A More Human Humanities
The humanities are easy. Or so goes the cant of most Harvard students. And who can argue with them? One can reasonably be worried about failing an organic chemistry exam, but such a feat would be almost commendable on an English essay. Our STEM classes expect a lot more out of our students than our humanities classes do because there are tangible things that any student who completes Stat 110 or Physics 16 must know. The humanities are not inherently easier. In fact, they are far from it; after all, a brilliant philosopher is much rarer than a math genius.
Humanities courses need to challenge their students to know the material thoroughly and to have considered its significance deeply. In other words, they need to be more rigorous.
Harvard has an identity crisis. Allegedly, it is a liberal arts college, but it has totally forgotten what that means. Instead of seeking to provide a humanistic education undergirded by strong curricular requirements, Harvard just wants us to take classes in topics outside of our concentration, and doesn’t particularly care what those are. Harvard provides a liberal arts education for its marketing appeal without the burden of actually believing in the pillars of that education.
The extent of the liberal arts curriculum which remains at Harvard is entirely vestigial, such as the General Education program, distribution requirements, and the language requirement. When a limb exists without its body, it seizes to have any utility. The language requirement is unsure of its own goal, and whatever end it may have it surely does not reach.
It is easy to be great, but hard to be good.
My grandfather, Martin Glassman, passed away last week at the age of 89. He was born in Brooklyn to parents who immigrated from Eastern Europe, and was raised in the Bronx. When he was a child he suffered from a seizure disorder that impaired his intelligence. His parents did not treat him well, so at 17 he enlisted to fight in the Korean War. When he returned he moved to New Haven, Conn. In his career as a postal worker, he was bullied for being Jewish and not intellectually advanced. As a result he was only promoted one time in his whole career. Nothing was given to him in his life, but he never complained.
The paucity of time mandates that we spend it on things that are good in and of themselves. We often hear of the importance of sacrifice. But sacrifice has never meant doing something bad so that a good may later appear; instead, sacrifice can be more accurately defined as doing something which does not appear to be good, but actually is. Though goodness existed from the beginning, it became apparent later.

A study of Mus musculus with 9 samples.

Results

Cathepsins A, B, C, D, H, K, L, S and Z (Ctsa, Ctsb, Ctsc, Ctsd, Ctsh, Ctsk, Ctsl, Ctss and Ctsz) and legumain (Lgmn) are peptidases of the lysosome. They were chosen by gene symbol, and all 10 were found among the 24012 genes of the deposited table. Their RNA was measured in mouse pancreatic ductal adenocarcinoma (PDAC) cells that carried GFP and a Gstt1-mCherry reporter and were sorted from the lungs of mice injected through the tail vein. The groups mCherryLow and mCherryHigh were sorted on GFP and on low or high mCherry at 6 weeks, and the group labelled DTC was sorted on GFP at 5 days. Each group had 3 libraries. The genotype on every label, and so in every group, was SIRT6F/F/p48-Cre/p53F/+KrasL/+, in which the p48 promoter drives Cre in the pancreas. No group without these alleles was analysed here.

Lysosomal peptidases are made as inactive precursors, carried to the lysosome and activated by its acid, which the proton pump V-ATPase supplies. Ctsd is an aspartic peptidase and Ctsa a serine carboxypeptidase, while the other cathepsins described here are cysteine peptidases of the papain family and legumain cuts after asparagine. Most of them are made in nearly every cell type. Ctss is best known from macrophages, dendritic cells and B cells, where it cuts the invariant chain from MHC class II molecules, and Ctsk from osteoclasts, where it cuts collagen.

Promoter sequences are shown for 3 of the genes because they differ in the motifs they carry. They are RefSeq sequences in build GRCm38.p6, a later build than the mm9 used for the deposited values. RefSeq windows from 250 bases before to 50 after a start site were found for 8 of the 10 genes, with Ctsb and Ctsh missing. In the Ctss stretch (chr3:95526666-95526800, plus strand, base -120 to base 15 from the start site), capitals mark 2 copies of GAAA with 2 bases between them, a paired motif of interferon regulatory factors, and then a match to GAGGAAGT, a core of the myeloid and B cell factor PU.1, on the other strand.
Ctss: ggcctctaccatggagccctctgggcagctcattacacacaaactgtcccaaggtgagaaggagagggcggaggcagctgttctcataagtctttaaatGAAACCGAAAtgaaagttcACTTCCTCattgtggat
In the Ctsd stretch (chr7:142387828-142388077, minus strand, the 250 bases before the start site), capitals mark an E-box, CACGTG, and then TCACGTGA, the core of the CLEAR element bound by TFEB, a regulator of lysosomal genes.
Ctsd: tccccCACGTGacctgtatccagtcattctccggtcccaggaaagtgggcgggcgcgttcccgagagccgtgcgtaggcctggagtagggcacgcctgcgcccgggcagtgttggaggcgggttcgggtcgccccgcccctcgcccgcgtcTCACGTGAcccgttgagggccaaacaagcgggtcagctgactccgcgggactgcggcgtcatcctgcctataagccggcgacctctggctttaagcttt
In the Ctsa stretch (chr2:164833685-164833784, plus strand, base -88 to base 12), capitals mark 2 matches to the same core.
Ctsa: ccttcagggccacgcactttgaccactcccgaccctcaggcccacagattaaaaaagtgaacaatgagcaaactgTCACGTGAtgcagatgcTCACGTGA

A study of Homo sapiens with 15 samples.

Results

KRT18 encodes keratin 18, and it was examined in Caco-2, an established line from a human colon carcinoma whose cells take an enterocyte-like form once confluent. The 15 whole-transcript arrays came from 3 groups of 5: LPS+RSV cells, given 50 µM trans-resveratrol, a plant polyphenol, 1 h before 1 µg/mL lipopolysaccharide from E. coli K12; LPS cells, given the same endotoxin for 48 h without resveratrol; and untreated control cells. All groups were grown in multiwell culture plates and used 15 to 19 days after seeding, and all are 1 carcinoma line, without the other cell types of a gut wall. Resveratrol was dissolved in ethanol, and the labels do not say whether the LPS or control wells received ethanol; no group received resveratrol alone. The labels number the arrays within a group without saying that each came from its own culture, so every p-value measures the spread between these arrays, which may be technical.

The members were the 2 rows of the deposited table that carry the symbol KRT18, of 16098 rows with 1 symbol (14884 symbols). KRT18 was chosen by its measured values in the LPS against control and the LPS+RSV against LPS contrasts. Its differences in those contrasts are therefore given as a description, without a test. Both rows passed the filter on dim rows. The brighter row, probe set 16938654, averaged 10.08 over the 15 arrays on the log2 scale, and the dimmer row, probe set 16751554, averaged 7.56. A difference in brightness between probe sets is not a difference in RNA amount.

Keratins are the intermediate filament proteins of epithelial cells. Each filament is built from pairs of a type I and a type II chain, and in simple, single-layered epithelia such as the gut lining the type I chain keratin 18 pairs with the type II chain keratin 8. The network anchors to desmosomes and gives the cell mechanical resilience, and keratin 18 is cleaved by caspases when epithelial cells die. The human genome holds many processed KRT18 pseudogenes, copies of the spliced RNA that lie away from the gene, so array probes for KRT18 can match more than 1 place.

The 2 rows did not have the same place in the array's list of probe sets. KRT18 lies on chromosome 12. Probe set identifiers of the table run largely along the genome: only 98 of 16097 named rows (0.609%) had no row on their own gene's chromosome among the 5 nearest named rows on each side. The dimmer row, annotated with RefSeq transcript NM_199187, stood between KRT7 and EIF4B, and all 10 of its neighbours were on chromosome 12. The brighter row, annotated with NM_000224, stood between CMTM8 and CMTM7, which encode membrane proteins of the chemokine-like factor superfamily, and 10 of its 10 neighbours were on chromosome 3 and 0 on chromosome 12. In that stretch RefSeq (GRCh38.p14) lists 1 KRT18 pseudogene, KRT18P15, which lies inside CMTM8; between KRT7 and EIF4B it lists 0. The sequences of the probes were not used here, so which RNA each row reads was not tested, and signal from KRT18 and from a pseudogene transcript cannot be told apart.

Such is the case with the study of the humanities. The humanities are the disciplines of the soul. They are immaterial, but not abstract. Philosophy, at its best, is practical and even urgent. We study the humanities because they help us understand what it is to be human. Understanding something fully means also comprehending its “telos.” The true humanist is pushed towards pursuing a more good life because of his studies.
I am envious of those who kept a journal throughout their childhood. They have amazing access to the full range of their past: from the quotidian to their most profound experiences. Those of us who did not keep such detailed writings about our lives are left to whatever happens to be stuck in our head. When I look back on high school and cannot recall the general events of one typical day — as opposed to the extraordinary variety — I feel that I do not know myself as I normally am. Of course, this raises the question: Are our true selves revealed at our most jubilant and despondent or at our most mundane? Memory answers a fundamental need in humans: to know oneself. Memory does not simply guide us in avoiding mistakes and making decisions in the present, but it forms us into complete beings.
Imagine what you would be if you had no memory; if the present had a monopoly on existence. One cannot exist without a past. The emptiness of a life without memory extends to the case of any group, whether it be a family, state, civilization, or the collective society of humanity. At its core, this is why we must study history, to answer “Who are we?”